This study analyses the novel Kentukis (2018) by Samanta Schweblin as a literary and moral reflexion on the construction of contemporary identities ambiguously embedded in digital technology, and how this identity construction can bring to the human solitude that Byung-Chul Han (In the Swarm: Digital Prospects, 2017) defines as the social form of the modern hyperconnected digital era.
Schweblin’s work pictures a global reality pervaded by a sort of diffuse, yet in some way hybrid “transparency” (Han, The Transparency Society, 2015) that reproduces a perpetual exchange between the secret space of the anonymity and a surreal voyeuristic overexposure of intimacy. The virtual hetero-topology (Foucault, Les Hétérotopies, 1966) created by the novel crosses a realistic simulation of the contemporary globalized world by continuously breaking through what Bauman (La vita tra reale e virtuale, 2005) calls “the glass wall”: the mutant boundaries between real and digital reality.
Mocking science fiction and reality television codes, and stretching to the limit the possible identities interplays offered by simulation video games, Schweblin’s narrator walks through the lives of a multitude of characters, who decide to symbolically escape from their bodies, catapulting themselves into the lives of others, randomly, in the form of anonymous puppets equipped with cameras: the Kentukis. The human immersion in the digital world goes beyond representation to become physical presence; consequently, the desperate search for a new personal space –a new secret and satisfying identity– that divides individuals into “owners” and living puppets, creates virtual/real lives that last as long as the Kentuki’s battery life.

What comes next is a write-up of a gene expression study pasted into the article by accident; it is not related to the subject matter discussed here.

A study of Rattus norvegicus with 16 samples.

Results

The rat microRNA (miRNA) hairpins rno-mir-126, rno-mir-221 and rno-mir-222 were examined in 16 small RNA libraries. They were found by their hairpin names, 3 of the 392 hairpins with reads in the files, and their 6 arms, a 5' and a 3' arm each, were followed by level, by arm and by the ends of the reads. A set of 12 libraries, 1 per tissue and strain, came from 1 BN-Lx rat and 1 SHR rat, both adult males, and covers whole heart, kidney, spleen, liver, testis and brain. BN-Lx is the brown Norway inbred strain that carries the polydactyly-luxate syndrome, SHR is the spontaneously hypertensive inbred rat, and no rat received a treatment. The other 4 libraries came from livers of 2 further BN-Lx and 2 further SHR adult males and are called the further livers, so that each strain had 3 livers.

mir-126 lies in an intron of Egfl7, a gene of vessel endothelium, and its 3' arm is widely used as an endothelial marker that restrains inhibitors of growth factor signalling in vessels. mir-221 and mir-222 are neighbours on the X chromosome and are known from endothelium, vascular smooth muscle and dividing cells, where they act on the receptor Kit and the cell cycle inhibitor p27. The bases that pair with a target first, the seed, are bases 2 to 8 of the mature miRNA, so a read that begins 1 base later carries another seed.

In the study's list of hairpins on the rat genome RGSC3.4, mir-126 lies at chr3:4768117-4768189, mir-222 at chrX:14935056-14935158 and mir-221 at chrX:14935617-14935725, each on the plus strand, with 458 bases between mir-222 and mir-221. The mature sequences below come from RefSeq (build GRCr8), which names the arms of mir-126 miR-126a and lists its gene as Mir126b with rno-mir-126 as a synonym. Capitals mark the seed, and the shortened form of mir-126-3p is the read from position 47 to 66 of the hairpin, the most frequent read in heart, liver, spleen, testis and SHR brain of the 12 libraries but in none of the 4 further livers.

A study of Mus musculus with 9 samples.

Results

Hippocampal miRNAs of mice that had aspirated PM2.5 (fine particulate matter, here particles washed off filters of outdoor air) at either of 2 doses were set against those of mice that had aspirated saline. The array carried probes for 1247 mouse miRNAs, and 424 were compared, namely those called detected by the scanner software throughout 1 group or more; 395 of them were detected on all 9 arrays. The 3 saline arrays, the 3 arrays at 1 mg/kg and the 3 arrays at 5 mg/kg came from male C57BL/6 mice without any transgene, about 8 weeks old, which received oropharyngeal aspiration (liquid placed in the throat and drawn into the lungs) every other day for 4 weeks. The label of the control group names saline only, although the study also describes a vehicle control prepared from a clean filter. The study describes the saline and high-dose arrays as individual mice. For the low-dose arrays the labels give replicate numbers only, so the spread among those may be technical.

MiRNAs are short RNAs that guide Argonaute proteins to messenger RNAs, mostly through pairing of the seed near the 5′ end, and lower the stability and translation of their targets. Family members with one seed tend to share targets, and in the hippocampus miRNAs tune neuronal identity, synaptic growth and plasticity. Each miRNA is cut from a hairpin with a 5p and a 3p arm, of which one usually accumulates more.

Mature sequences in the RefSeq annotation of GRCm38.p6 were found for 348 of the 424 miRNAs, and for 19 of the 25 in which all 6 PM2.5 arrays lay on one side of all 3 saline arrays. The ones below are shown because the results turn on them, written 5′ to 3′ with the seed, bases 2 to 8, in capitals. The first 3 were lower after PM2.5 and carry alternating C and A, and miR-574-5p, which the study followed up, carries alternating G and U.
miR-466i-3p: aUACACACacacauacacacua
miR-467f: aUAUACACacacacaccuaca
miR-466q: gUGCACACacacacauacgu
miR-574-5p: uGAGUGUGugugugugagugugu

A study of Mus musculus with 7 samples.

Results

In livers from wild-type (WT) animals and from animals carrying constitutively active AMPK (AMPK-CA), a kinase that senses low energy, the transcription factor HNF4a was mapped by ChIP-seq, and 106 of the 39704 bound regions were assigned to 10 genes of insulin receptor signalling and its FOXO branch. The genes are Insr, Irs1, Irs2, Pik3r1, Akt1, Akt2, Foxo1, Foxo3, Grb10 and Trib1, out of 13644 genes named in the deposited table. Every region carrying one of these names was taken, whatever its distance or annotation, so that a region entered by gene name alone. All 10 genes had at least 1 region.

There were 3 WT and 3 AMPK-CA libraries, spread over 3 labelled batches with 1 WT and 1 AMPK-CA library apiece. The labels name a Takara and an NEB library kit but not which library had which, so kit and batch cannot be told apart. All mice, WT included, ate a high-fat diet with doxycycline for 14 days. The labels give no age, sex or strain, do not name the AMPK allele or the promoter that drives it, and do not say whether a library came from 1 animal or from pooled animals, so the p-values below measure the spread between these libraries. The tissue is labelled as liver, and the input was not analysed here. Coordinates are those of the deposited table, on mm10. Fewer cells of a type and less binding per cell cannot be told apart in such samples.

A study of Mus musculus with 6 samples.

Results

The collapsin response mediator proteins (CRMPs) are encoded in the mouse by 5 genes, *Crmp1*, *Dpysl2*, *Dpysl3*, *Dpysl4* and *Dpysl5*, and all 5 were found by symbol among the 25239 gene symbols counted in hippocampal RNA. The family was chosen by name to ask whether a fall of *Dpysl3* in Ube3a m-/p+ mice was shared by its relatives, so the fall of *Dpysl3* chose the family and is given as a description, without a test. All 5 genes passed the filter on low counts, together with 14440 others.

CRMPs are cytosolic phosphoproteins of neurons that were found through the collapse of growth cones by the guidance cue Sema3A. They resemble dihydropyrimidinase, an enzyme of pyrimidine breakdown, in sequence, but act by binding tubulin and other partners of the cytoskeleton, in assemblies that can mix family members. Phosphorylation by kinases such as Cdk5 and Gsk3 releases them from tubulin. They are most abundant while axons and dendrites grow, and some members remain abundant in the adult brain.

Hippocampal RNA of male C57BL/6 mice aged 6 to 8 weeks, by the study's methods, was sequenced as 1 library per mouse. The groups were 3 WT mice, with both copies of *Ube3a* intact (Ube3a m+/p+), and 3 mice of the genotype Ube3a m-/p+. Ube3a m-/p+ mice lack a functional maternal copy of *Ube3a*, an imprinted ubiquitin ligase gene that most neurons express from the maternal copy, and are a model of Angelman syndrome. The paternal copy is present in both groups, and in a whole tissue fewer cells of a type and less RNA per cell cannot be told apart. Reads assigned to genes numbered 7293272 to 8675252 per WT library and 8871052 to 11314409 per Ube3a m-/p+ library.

The resulting social relationships appear surreal, obsessive, grotesque, often immoral and destined to fail. As a consequence, inside Kentukis, the possibility of imaging and creating new (virtual) human spaces unveils solitudes that cyclically turn into loneliness and that are presented now as consolatory, then as disturbing: in this sense the “swarm” of protagonists seem to be lost or trapped in a sort of technological, yet intrinsically human “fragmentación existencial”(Kentukis, 2018:190).
Therefore, this study explores how the interplay between “owners” and Kentukis, and the obsessive embodiment of virtuality inside the structures of reality could produce moral displacement and, moreover, moral disengagement (Bandura, Selective Moral Disengagement… 2002). Schweblin’s characters, as simulation of real contemporary human beings, seem “inebriated by the digital medium, but blind to its consequences” (Han, In the swarm… 2017) forgetting that they are the ultimate active responsible for their actions. In this sense, while implicitly warning about the impossibility of escaping from real life, Schweblin’s narrative voice does not offer any kind of moral justification to the potential threats derived by the use (and abuse) of technology: if the dark side of digital technology exists, its causes should be traced back to human agency (Bandura, 2002), its potential moral evil.